Global concern about climate change has taken a back-seat to other environmental issues such as air and water pollution, water shortages, packaging waste and use of pesticides, according to the 2011 Sustainable Efforts & Environmental Concerns report from Nielsen, which surveyed more than 25,000 Internet respondents in 51 countries.
The bi-annual report shows that while 69 percent of global online consumers say they are concerned about climate change/global warming (up from 66 percent in 2009, but down from 72 percent in 2007), concern for other environmental issues are increasingly taking a higher priority in the minds of consumers. Three out of four global consumers rated air pollution (77%) and water pollution (75%) as top concerns, both increasing six percentage points compared to 2009. The most rapidly growing area of concern among 73 percent of global online consumers surrounds the issues of pesticides, packaging waste and water shortages, with reported concern increasing 16, 14 and 13 percentage points, respectively over the last two years.
“There are many possible reasons for declines in concern about climate change/global warming,” said Dr. Maxwell T. Boykoff, Senior Visiting Research Associate, Environmental Change Institute, University of Oxford. “Focus on immediate worries such as job security, local school quality, crime and economic well-being have all diminished media attention for climate stories in the past two years. In the face of other pressing concerns, a public “caring capacity” for climate change has been tested. Without continued attention paid to global warming/climate change in the media, such concerns may have faded from the collective public conscience.”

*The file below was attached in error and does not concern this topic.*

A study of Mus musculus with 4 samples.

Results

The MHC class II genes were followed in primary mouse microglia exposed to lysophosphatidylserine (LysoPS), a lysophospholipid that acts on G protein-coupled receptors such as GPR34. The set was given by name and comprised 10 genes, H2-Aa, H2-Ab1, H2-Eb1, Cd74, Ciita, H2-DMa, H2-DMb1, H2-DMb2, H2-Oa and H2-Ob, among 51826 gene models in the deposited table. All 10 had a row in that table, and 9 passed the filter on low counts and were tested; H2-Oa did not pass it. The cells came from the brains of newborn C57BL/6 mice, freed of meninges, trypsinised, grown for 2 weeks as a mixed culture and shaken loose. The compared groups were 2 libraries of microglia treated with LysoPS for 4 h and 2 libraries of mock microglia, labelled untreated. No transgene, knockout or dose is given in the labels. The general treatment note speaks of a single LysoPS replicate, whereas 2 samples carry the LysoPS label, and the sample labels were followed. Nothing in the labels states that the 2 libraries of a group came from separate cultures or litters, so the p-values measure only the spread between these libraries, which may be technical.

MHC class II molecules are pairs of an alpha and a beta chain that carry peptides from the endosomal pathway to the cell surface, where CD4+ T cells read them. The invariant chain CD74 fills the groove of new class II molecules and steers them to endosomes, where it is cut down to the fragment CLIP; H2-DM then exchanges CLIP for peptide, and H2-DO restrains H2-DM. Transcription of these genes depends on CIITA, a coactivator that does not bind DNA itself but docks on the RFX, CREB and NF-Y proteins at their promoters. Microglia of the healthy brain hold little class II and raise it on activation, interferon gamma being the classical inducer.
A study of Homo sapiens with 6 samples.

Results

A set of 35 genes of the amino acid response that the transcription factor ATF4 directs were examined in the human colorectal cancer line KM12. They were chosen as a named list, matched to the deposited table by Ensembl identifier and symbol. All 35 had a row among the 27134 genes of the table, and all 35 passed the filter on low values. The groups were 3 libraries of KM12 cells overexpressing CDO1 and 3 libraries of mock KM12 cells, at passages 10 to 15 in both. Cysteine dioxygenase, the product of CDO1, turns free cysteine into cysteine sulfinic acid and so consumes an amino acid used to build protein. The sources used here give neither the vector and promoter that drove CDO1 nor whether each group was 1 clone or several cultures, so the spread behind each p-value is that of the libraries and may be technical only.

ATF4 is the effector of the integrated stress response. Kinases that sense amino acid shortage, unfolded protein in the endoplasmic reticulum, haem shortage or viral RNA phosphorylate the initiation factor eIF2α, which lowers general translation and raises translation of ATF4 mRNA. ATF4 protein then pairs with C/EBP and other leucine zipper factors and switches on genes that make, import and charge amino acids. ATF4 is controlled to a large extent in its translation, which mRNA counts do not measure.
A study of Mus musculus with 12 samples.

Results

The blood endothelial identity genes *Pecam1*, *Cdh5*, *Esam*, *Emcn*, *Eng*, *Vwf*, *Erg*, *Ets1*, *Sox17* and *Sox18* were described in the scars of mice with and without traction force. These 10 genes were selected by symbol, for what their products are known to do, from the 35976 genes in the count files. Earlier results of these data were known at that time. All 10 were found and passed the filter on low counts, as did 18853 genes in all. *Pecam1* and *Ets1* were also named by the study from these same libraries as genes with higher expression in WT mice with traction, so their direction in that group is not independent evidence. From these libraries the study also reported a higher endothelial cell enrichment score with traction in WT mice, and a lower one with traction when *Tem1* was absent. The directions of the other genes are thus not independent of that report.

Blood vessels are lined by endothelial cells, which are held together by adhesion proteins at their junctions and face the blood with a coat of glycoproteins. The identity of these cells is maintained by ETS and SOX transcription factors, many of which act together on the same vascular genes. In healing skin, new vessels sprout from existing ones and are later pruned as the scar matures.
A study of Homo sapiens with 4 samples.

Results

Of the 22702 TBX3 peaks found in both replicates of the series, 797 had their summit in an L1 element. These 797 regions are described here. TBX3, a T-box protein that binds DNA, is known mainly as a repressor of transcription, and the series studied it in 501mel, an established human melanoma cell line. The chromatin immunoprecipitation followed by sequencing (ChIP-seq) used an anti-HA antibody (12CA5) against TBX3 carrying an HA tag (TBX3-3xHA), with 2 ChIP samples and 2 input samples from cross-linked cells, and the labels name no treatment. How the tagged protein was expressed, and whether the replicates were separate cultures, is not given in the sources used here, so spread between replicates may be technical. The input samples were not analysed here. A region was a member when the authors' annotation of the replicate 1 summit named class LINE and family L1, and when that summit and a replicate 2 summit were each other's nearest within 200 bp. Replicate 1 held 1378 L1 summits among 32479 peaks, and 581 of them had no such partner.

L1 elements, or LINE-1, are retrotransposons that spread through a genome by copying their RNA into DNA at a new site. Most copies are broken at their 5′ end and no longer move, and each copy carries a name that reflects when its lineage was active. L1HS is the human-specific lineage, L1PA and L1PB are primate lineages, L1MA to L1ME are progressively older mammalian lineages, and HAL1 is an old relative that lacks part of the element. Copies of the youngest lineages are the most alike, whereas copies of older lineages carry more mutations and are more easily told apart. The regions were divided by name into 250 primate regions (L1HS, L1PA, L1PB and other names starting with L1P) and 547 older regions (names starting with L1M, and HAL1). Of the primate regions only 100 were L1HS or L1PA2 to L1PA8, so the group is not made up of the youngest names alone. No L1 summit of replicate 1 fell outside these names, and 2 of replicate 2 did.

Top environmental concerns among Asia Pacific consumers include water shortages and air pollution, while water pollution was the main concern for Latin Americans, Middle Eastern/Africans, Europeans and North Americans.
Shifting Concerns Among the Big 3
With their large populations and high CO2 emissions, many consider the United States, China and India instrumental to any potential international climate change agreements. Yet, concern is falling in the U.S., which recorded one of the steepest declines (14%) in concern about climate change/global warming from 2007 to 2011.
Today, less than half of Americans (48%) say they are concerned about climate change, which contrasts sharply with reported concern in Latin America (90%), Middle East/Africa (80%), Asia Pacific (72%), and Europe (68%). Among the 21 percent of Americans who are decidedly not concerned, 63 percent indicated they believe natural variation—and not people—causes climate change/global warming.
“During this period, Nielsen’s Global Online Consumer Confidence Survey found heightened American consumer concern around the economy, rising gas prices, and debt,” said Todd Hale, SVP Consumer & Shopper Insights, Nielsen U.S. “With financial concerns still on the minds of many Americans, they’re indicating less and less concern about climate change and other environmental issues.”
In China, concern about climate change/global warming is higher than in the U.S., but dropped 17 percent in the last two years from 77 percent in 2009 to 64 percent in 2011. Meanwhile, concern in India has gradually risen in the past four years, and with 86 percent of Indians currently worried, it remains one of the markets most concerned about climate change in the world.
For more detail and regional insights, download: 2011 Sustainable Efforts & Environmental Concerns.